INDIAN UNIVERSITIES

Mr Tharoor, what is a ‘well formed mind’ you talk about?

Markandey Katju

Markandey Katju


Shashi Tharoor’s article ‘Free our Universities’ published in The Week raises several questions.

Tharoor writes that Universities are meant to be hotbeds of argument, debate, and dissent. But argument, debate and dissent can be meaningful and useful, and also meaningless and empty prattle. I am afraid it has been mostly been the latter in our Universities.

lockdown studentsHow has argument and debate helped our country? It has remained as backward and poor as before, with huge unemployment, appalling level of child malnourishment, almost total lack of proper healthcare and good education for the masses, skyrocketing prices, etc.

So what good has all the arguments and debates in our universities done to the country since 1947?

In Western countries, the Universities have helped in scientific advance, particularly by research and discoveries in the fundamental sciences, e.g. by Newton, Rutherford, Einstein, Heisenberg, Niels Bohr, Feynman, etc. How have Indian universities helped in scientific advance in India?


The truth in India is that the main purpose of our universities was, and still is, to produce pompous bureaucrats to man our state machinery (IAS, IFS, PCS, IRS, IPS officers, etc), and pompous academicians whose heads are stuffed with bookish sterile knowledge, to man our universities and colleges.

What is a ‘well formed mind’ which Tharoor talks about? Indian universities only create minds full of bookish, sterile knowledge, if even that.

The main problem in India is our stagnant economy and rising and record unemployment. How have our universities helped in solving, or even alleviating, this problem ?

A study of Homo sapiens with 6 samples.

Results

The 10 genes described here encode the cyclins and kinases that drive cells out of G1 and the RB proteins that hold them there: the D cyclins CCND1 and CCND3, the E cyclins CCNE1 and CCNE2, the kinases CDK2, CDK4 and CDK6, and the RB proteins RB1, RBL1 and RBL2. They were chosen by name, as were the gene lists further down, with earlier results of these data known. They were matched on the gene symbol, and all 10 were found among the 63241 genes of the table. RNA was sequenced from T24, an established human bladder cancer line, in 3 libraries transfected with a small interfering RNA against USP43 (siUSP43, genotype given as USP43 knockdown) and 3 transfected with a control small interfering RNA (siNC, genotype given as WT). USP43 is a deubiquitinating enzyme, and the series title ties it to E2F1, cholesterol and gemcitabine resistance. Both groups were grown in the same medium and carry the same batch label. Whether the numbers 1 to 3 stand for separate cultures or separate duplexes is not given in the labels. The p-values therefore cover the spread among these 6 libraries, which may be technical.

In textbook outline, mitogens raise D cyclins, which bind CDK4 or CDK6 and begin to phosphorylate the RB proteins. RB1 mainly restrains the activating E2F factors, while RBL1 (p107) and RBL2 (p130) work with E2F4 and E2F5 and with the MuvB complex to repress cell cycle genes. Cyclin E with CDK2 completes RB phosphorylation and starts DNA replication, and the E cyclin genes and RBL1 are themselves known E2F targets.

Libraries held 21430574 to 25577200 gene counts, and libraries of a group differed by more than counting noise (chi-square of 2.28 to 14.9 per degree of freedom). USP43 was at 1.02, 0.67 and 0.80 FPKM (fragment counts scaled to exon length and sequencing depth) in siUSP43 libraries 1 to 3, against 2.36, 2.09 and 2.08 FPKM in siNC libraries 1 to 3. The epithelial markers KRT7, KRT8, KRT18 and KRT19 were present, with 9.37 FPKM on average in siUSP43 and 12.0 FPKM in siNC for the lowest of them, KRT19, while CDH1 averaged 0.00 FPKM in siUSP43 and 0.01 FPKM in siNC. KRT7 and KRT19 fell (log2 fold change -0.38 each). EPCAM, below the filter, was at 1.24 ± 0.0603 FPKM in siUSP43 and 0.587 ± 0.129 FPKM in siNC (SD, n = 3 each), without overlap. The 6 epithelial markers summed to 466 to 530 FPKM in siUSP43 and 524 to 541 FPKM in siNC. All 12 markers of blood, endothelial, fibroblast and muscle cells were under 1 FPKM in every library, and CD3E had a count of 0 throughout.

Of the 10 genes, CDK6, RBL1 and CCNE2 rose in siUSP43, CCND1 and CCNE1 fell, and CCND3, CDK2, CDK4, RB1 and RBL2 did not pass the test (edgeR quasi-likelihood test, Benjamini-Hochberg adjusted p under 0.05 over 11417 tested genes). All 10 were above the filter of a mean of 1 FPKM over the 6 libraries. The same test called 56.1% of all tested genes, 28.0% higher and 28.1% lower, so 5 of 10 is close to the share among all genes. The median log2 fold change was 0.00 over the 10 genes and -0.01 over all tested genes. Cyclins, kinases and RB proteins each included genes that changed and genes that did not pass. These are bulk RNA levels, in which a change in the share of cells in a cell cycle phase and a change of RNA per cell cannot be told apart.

In his article, Tharoor speaks a lot about freedom. What he overlooks is that freedom must be used to create a better India, with its people enjoying a higher standard of living, and not just for letting out hot air.

Liberty is necessary so that we have freedom to think and create a revolutionary theory. India needs a revolution to create a political order under which there is rapid industrialisation and creation of crores of jobs.

This is not possible under the present system of parliamentary democracy in India, as this largely runs on the basis of caste and communal vote banks.

Parliamentary democracy further entrenches casteism and communalism, which are feudal forces which must be destroyed if India is to progress.

So a revolution is imperative if we want to abolish poverty, unemployment, and the other social evils in India. But without a correct revolutionary theory there can be no revolutionary action.


Tharoor also writes “We must celebrate a robust and pluralistic Indian democracy”. I cannot imagine a more fatuous statement. The democracy we have in India is largely based on caste and communal vote banks, as everyone knows. Should it be celebrated?

Also read:
Pandemic Profits and Politics – the saga of India’s “Money Heist”

Punjab, Punjabi and Punjab’s Universities — Where’s the fight?


Markandey Katju

Justice Markandey Katju is former Judge, Supreme Court of India and former Chairman, Press Council of India.